Video:What Are the Mean, Median, and Mode?with David Knupp
It's easy to mix up the definitions of mean, median and mode, but it's important to differentiate them when working with statistics. Here's a quick guide to understanding the meaning of mean, median and mode.See Transcript
Transcript:What Are the Mean, Median, and Mode?Hey everyone, David Knupp here for About.com. An important part of knowing statistics is understanding how to find the mean, median, and mode of a set of numbers. When many people think of median, mean, and mode, they often think of averages, which is a good way to think of them. However, they all have different statistical values. Today, I'm going to show a little bit about mean, median and mode, using playing cards to demonstrate.
Definition of MeanThe mean is most commonly thought of as the average figure of a set of numbers. The easiest way to figure the mean is to take all of your numbers and add them all together, giving us 30. Next, divide the sum by how many numbers you started out with. In my case, I had 5 numbers, so I will divide the total by 5 to obtain the mean of the set of numbers, which is 6.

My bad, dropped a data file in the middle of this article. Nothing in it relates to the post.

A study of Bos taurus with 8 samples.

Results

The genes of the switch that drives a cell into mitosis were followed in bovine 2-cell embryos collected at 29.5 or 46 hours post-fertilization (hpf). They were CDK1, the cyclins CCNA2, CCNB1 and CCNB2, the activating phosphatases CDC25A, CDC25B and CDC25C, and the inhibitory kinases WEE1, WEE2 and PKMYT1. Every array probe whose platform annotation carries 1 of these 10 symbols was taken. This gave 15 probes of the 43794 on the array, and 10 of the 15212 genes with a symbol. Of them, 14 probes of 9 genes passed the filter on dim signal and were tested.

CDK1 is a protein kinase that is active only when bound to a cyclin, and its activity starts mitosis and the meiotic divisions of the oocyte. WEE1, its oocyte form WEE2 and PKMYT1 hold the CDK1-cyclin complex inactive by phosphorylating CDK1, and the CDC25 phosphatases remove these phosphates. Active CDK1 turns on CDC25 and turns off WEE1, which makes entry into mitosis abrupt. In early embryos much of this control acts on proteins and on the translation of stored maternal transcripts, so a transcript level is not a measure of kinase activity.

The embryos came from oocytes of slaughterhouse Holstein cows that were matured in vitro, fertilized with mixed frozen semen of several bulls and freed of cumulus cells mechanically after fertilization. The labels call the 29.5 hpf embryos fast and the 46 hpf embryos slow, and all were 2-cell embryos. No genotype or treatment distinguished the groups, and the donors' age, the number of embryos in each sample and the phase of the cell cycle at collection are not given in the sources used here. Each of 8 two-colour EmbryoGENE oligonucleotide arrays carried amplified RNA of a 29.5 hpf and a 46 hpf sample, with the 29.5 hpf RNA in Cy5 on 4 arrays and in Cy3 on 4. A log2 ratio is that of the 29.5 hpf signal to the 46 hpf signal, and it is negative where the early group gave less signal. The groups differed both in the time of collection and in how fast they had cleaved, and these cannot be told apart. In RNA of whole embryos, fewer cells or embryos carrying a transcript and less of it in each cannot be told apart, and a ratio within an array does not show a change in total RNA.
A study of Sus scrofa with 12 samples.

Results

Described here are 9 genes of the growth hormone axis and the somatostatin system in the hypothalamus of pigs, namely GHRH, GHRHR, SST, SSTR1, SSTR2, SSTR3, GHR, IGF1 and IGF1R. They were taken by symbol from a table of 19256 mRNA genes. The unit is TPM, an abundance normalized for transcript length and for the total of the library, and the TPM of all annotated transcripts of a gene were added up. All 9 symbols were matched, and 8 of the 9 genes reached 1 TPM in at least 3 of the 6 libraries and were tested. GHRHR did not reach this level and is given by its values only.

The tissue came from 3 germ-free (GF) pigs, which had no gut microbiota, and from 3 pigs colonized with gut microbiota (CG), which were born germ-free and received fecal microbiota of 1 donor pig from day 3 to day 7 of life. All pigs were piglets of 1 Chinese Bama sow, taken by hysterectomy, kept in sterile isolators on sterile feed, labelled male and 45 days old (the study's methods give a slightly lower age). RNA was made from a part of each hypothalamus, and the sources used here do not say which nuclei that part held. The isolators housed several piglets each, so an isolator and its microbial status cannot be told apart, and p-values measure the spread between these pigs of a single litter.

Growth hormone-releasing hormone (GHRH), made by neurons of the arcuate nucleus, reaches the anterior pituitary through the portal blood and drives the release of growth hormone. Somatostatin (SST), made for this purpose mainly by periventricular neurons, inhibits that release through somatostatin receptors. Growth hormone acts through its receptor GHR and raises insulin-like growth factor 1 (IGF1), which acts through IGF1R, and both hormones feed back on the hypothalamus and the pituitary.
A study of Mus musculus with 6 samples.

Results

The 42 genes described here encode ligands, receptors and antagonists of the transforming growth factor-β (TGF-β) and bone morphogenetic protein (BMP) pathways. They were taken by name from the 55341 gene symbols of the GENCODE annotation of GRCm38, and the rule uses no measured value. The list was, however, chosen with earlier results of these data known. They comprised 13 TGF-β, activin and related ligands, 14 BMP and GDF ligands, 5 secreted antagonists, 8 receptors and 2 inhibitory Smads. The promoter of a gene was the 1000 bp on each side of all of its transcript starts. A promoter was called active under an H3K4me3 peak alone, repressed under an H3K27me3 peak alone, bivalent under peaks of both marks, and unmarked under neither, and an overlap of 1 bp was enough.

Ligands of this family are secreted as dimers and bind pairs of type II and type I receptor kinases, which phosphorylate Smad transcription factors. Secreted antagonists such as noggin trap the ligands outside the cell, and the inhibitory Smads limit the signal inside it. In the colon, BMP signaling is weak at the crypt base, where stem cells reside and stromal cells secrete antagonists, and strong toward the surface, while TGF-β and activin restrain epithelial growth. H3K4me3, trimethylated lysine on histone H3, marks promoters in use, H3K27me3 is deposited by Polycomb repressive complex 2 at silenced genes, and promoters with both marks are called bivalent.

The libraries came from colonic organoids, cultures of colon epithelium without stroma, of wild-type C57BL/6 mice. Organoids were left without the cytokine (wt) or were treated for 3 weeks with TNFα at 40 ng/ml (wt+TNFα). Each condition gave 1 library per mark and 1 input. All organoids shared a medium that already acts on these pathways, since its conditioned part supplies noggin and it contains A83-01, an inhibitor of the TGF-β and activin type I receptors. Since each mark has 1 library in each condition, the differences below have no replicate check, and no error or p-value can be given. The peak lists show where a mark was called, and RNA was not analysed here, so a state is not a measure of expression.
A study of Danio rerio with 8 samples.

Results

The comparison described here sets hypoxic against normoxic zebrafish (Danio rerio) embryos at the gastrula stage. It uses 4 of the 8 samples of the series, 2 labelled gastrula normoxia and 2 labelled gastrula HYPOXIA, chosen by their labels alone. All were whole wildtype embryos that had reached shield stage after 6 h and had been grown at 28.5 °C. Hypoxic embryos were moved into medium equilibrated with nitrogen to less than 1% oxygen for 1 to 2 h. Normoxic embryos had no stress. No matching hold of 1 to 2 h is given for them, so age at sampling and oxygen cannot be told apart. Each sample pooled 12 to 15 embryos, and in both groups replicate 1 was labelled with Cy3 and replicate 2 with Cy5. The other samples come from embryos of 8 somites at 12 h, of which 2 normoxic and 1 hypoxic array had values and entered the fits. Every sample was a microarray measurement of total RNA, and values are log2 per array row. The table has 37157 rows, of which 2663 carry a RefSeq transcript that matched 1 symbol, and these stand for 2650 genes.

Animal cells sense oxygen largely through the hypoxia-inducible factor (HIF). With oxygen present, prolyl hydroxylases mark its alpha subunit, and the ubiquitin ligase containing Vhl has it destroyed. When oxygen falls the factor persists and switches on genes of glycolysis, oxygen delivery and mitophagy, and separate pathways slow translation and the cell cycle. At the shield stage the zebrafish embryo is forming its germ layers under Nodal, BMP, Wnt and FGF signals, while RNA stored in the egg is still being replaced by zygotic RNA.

Definition of MedianThe median is the number that falls directly in the middle of a set of numbers when ordered from smallest to largest. To find the median of a set of numbers, simply arrange the numbers in order from smallest to greatest. You then pick out the middle number. In this case, the median is 5. If you have an even amount of numbers, you again put the numbers in order from greatest to smallest, but then you add the two middle numbers and divide that value by 2. In this case, the median is 6.
Definition of ModeThe last term is the mode. To find the mode from a set of numbers, arrange them in order from smallest to largest and find the number that occurs the most in the sequence. If you have a set of numbers that does not have a reoccurring number, then it has no mode. It is also possible for a there to be multiple modes in a set if there are multiple groups of the same number in that set.
Thanks for watching, everyone. For more math tips, visit us on the web at About.com.